Rhubarb wine and ginger ale


I didn’t have quite enough rhubarb in the yard so I had to freeze it and wait to get more.  My recipe calls for a “dry juicing,” so the sugar went right onto the chopped fruit:





More drink experiments to come!




Here’s the wine in its secondary fermentation carboy.  It looks like unfiltered apple juice to me.  I was hoping for a lovely dandelion yellow, but I suppose that may still happen.


As recommended, I also tasted the wine in this early stage and was quite pleased with the taste.  It’s sprightly and still quite sweet.  I find that I’m a little anxious about how the whole smells now, though, since apparently if it goes vinegary now, I can save it by adding a crushed Campden tablet, waiting 24 hours, and introducing new yeast.  So I find myself standing over the airlock and smelling to see if I can detect a trace of vinegar smell, and then half-convincing myself that I can.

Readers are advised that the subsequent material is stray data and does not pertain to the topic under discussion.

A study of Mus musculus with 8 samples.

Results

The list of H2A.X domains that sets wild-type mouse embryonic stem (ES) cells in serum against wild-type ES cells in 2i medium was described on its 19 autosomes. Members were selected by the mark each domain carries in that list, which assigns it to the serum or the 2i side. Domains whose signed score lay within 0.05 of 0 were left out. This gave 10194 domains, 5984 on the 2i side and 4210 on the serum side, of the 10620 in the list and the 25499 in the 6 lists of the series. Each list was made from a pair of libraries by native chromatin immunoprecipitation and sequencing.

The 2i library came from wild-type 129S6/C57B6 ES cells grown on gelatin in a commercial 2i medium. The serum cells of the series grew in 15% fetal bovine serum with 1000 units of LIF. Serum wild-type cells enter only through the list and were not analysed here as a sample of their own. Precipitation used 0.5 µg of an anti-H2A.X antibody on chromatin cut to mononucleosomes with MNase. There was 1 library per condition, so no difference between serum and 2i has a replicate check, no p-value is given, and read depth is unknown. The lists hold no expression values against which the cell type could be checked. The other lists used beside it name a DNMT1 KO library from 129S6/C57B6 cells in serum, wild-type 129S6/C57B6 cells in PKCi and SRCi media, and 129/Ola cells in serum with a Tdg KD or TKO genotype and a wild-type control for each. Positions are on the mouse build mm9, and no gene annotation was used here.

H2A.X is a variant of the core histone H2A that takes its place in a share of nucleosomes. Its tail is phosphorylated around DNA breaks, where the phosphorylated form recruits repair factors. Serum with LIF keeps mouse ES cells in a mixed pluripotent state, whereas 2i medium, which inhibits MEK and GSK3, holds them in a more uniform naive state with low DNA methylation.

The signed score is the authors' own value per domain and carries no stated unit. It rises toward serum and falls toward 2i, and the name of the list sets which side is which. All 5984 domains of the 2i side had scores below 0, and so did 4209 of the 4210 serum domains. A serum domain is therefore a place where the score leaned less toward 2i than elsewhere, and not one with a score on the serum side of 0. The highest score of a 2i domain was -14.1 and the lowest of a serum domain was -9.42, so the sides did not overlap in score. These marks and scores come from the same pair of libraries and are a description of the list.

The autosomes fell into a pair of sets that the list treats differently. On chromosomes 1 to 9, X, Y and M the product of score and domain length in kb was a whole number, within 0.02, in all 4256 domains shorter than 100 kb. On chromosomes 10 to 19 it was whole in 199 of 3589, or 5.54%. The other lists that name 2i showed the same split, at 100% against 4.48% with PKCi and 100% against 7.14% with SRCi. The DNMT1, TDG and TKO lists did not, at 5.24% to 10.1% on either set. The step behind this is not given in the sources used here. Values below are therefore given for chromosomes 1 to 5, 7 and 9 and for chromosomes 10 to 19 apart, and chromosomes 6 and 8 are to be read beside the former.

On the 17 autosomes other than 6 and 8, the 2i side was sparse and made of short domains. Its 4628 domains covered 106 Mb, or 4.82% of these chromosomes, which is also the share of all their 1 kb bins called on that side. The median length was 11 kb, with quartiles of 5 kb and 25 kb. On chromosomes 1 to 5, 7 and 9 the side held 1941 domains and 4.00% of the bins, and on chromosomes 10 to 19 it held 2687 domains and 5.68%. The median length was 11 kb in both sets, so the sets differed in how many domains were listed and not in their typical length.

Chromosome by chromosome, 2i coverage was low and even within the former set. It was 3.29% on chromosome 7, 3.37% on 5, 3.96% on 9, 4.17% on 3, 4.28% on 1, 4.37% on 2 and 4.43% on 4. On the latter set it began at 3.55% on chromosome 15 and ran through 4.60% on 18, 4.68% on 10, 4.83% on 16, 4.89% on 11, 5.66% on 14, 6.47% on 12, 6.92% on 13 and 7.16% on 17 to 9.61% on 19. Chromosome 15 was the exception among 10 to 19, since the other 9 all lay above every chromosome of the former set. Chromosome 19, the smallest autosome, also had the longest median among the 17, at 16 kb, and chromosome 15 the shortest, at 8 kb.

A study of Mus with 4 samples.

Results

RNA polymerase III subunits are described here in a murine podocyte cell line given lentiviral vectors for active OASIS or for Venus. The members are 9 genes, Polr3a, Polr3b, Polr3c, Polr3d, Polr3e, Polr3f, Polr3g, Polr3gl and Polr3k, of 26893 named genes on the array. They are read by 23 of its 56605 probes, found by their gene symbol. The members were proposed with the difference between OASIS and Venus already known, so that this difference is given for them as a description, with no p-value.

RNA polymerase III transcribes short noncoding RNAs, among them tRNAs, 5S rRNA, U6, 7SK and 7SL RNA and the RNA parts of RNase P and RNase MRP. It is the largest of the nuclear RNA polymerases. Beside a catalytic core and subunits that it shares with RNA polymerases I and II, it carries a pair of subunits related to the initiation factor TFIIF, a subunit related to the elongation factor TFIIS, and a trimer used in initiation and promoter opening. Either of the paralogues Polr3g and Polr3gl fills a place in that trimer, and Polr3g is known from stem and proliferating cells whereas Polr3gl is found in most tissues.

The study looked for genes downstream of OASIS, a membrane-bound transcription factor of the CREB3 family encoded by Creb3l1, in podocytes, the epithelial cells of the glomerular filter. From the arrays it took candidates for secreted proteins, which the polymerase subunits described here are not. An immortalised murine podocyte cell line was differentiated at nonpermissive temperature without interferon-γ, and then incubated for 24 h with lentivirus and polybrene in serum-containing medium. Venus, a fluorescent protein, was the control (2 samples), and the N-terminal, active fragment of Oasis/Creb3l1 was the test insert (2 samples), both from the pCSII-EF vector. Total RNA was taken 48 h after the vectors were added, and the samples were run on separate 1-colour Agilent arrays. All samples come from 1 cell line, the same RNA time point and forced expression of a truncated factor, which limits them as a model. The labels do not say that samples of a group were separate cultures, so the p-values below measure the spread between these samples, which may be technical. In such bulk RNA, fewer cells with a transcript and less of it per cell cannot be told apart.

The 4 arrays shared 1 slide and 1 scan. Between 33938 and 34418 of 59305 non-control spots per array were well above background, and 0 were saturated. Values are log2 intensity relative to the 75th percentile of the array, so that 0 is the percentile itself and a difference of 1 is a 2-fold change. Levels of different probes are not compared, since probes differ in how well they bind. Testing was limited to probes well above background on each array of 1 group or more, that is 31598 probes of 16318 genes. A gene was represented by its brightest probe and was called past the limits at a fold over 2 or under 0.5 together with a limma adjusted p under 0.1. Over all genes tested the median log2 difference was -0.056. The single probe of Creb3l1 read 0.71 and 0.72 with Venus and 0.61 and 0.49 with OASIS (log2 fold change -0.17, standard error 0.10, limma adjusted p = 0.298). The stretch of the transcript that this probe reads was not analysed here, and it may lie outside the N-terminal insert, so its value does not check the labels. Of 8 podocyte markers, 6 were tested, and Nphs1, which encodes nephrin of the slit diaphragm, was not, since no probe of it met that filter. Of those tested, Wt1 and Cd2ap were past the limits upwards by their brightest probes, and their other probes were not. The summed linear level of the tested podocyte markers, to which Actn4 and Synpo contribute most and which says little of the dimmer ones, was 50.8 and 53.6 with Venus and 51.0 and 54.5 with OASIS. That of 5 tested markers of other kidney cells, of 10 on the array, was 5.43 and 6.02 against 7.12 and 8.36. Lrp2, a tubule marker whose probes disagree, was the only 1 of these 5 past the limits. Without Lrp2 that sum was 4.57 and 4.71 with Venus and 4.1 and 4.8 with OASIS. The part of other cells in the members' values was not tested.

From here, I wait until it starts to clear.  I have no idea how long that will take– weeks? months?– but apparently the fermentation will slow down and then the clearing will start. At that point, I rack it for the first time, so it doesn’t catch any strange flavors from sitting on the dead yeast.

I really wanted to start a batch of rhubarb next, but I only have the one carboy now, so there’s nowhere to put another batch for the secondary ferment.  I think I’ll pick up another (maybe even two) when I take my country wine class in a couple weeks.  Apparently I should make the rhubarb this month, since later in the year, the stalks are too full of pectin and the wine is hard to clear.  My assorted books have differing opinions on the quality or rhubarb wine, with one saying its only good for blending and another saying it’s quite nice by itself, so I figure there’s nothing for it but to try.